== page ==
Civil servants are hoping for a miracle to help them get all government services online by end of 2005, according to a director of the e-Envoy's office.
Dr Steve Marsh, director of security at the Office of the e-Envoy, warned: "Government departments are planning a miracle for the fourth quarter of 2005 - the implementation graph has a very interesting shape towards the end."
This "miracle" has already had a little assistance with the government's shifting of the deadline from March 2005 to the end of that year.
But if the the revised deadline cannot be met, "We would prefer important services to be online with high take-up, rather than everything online and no one using it," Marsh said.
Speaking at a conference organised by the London Internet Exchange (Linx), Marsh said there were three main fears for the government's online plans.
"That it wasn't going to deliver them at all; that they'd be delivered and nobody will use them; or that they'd deliver the services and find them too expensive to sustain," he said.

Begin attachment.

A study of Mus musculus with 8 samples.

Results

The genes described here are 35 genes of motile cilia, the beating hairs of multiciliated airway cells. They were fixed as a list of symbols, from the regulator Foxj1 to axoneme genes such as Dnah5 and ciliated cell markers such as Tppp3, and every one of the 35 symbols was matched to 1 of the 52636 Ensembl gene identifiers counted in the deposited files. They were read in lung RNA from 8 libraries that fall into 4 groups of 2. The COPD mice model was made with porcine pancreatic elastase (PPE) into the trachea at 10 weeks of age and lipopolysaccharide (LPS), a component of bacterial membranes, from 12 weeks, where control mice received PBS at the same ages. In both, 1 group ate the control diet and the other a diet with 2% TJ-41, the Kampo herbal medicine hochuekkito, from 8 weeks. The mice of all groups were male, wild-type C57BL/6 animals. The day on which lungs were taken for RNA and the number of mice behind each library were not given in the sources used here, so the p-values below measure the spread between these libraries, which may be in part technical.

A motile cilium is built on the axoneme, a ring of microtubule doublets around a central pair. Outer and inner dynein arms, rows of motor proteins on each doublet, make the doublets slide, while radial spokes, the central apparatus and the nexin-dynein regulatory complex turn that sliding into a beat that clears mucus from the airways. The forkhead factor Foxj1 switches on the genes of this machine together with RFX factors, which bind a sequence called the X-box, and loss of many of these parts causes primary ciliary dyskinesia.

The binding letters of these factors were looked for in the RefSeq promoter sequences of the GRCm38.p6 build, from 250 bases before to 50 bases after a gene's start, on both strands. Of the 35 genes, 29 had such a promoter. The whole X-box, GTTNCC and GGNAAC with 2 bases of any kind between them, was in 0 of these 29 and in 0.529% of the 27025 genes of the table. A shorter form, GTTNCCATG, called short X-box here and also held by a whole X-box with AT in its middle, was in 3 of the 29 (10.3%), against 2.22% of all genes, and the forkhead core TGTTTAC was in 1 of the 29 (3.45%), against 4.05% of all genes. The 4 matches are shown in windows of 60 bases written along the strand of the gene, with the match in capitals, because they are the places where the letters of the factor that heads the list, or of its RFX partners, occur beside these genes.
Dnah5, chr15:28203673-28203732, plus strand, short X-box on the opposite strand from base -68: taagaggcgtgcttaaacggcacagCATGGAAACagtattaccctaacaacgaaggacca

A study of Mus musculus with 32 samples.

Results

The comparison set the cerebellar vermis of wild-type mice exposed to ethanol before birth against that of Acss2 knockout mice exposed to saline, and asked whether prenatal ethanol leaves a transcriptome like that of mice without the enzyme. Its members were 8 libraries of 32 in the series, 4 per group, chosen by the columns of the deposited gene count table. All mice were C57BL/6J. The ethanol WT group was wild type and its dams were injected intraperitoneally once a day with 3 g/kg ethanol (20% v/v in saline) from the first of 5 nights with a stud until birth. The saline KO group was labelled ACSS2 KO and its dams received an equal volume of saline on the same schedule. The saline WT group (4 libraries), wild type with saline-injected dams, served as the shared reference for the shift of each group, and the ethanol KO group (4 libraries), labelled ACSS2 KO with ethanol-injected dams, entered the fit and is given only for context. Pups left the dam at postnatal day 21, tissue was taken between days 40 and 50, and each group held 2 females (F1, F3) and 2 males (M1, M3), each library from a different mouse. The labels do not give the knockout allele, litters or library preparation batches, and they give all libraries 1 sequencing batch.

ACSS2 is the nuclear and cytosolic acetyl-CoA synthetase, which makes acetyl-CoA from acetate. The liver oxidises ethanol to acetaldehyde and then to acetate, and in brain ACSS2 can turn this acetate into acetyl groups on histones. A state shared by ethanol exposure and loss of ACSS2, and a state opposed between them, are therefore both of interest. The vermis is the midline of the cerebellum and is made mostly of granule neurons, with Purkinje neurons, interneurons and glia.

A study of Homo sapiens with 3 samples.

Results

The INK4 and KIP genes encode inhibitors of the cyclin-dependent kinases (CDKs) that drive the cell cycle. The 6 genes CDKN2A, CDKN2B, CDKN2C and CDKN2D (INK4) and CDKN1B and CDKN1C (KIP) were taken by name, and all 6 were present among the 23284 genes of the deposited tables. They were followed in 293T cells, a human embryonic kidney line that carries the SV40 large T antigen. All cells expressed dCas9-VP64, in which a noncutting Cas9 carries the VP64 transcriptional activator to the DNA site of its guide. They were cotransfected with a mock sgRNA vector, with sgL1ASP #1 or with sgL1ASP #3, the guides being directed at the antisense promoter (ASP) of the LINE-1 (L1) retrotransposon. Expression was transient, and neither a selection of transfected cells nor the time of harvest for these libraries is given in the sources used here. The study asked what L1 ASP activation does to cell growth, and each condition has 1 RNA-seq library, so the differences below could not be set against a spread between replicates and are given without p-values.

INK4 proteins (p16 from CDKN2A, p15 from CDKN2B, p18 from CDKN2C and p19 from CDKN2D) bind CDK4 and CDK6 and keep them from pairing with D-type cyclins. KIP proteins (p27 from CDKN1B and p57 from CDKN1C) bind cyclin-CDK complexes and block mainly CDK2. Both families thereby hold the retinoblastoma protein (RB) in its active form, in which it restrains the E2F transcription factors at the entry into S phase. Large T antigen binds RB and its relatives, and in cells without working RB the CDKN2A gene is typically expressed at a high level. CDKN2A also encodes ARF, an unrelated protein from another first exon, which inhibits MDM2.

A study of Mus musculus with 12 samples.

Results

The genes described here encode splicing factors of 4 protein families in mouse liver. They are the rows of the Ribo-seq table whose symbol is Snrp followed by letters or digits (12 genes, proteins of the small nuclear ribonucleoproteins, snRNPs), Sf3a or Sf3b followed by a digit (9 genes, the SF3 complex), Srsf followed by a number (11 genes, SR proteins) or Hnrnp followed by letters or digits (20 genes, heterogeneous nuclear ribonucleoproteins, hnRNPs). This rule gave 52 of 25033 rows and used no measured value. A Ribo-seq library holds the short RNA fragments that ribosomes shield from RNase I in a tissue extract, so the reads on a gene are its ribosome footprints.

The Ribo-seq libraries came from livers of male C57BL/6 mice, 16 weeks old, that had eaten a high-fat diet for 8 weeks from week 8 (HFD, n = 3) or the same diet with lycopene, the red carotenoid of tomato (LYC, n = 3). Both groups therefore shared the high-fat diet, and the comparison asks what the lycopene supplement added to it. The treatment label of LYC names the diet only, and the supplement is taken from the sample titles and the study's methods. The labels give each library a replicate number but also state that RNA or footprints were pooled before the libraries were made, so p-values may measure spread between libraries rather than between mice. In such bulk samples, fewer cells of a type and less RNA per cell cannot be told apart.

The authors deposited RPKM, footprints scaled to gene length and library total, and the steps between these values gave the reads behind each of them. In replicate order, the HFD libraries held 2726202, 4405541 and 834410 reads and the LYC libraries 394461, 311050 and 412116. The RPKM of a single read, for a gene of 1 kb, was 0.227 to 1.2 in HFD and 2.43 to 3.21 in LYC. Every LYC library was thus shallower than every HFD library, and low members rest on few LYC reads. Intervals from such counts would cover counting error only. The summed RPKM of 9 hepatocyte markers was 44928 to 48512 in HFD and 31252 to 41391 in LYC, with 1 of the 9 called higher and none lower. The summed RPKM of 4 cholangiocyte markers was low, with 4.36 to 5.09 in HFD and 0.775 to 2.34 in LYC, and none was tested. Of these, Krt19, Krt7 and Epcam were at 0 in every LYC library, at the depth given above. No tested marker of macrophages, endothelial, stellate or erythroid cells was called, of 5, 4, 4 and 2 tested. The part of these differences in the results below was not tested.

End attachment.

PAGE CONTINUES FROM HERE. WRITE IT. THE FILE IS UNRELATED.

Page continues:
Marsh acknowledged the first risk was a real threat because most government departments had not yet tackled the difficult elements of delivering e-services.
Although 70 per cent of government services are already online, and there are more than 1,800 websites existing in the gov.uk domain, most of these just provide information.
"So far we've taken low-hanging fruit - in some cases so low you can trip over it," Marsh said. "As we get into transactions and the way services impact people it gets harder."
Take-up by the public is also a serious problem. "It looks like the use of online government services is going down, as online buying goes up," said Marsh.
Another concern is security. "UK consumers trust the government less than anyone, other than a foreign company," said Marsh. "People don't trust the internet and they trust the government even less."
Marsh added he was concerned that those who most needed access to government services - like people with health problems and those on benefit - are those with least access to the internet.
He also acknowledged that the relative lack of take-up of public key infrastructure (PKI) technologies and digital signatures was also a problem.
"It just hasn't grown in the way that four to five years ago we thought it would," he said. But PKI would still have a role to play, he added.